Sprint Shareholders Sue for More Info on $59 Billion T-Mobile Deal

(CN) – Shareholders claim in a class action that the acquisition of Sprint by rival T-Mobile for an estimated $59 billion is tainted by statements issued to the Securities Exchange Commission, which allegedly left out critical information.

The transaction, announced on April 29, 2018, will see T-Mobile acquire each issued and outstanding Sprint share for $6.62 in cash. The combined companies will be named T-Mobile and headquartered in Bellevue, Washington, if it comes to a close.

Sprint investors claim they’re unable to make an informed decision about whether to vote in favor of the transaction because SEC statements allegedly fail to disclose certain financial metrics including interest, taxes, depreciation and amortization pertaining to both companies.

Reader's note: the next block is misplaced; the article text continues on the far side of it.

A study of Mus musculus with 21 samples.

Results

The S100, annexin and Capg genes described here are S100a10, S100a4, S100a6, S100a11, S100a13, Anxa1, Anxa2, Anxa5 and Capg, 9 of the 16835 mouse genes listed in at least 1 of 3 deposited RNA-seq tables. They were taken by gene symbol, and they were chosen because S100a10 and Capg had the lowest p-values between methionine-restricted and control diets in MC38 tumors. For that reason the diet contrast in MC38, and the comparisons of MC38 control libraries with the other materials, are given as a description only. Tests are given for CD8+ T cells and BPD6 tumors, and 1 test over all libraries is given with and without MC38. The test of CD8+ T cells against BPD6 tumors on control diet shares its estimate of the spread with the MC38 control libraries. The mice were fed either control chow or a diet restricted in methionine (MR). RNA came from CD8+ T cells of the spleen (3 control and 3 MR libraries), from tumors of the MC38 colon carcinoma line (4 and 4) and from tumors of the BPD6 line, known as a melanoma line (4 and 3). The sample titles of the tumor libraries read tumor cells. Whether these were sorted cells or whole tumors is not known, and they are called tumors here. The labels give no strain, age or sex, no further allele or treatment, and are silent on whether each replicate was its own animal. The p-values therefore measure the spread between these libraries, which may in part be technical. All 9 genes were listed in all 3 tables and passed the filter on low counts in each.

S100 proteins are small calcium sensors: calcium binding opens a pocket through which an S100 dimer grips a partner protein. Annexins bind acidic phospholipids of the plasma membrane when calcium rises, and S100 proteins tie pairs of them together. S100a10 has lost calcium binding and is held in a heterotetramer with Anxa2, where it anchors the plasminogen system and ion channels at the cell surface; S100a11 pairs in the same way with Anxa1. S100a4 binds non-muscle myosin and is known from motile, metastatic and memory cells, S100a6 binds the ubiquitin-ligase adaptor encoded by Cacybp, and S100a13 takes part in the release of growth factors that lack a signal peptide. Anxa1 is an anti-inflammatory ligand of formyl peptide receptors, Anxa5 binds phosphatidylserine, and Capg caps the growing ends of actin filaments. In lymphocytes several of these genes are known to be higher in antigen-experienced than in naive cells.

The lawsuit also alleges that information about the financial analyses and analysts’ price targets performed by Sprint’s advisors, Raine Securities and J. P. Morgan in support of their fairness opinions were misleading.

“While the company’s shareholders could, potentially, do research on their own to determine this information, the shareholders should not have to undertake this significant project merely to obtain this material information, which the company already has readily available,” the suit states. The lawsuit lobs similar accusations against T-Mobile’s financial advisors PJT Partners and Goldman Sachs.

Sprint investors are also seeking information about other potential acquirers and whether they were given the same terms as T-Mobile.

Meanwhile, the Federal Communications Commission put the brakes on the deal while deciding whether to allow it. The merger, also under review by the U.S. Justice Department, would bring the number of wireless providers in the country from three to four.

The class is represented by John F. Edgar and Brendan M. McNeal of Edgar Law Firm LLC in Kansas City, and Carl L. Stine and Fei-Lu Qian of Wolf Popper LLP in New York.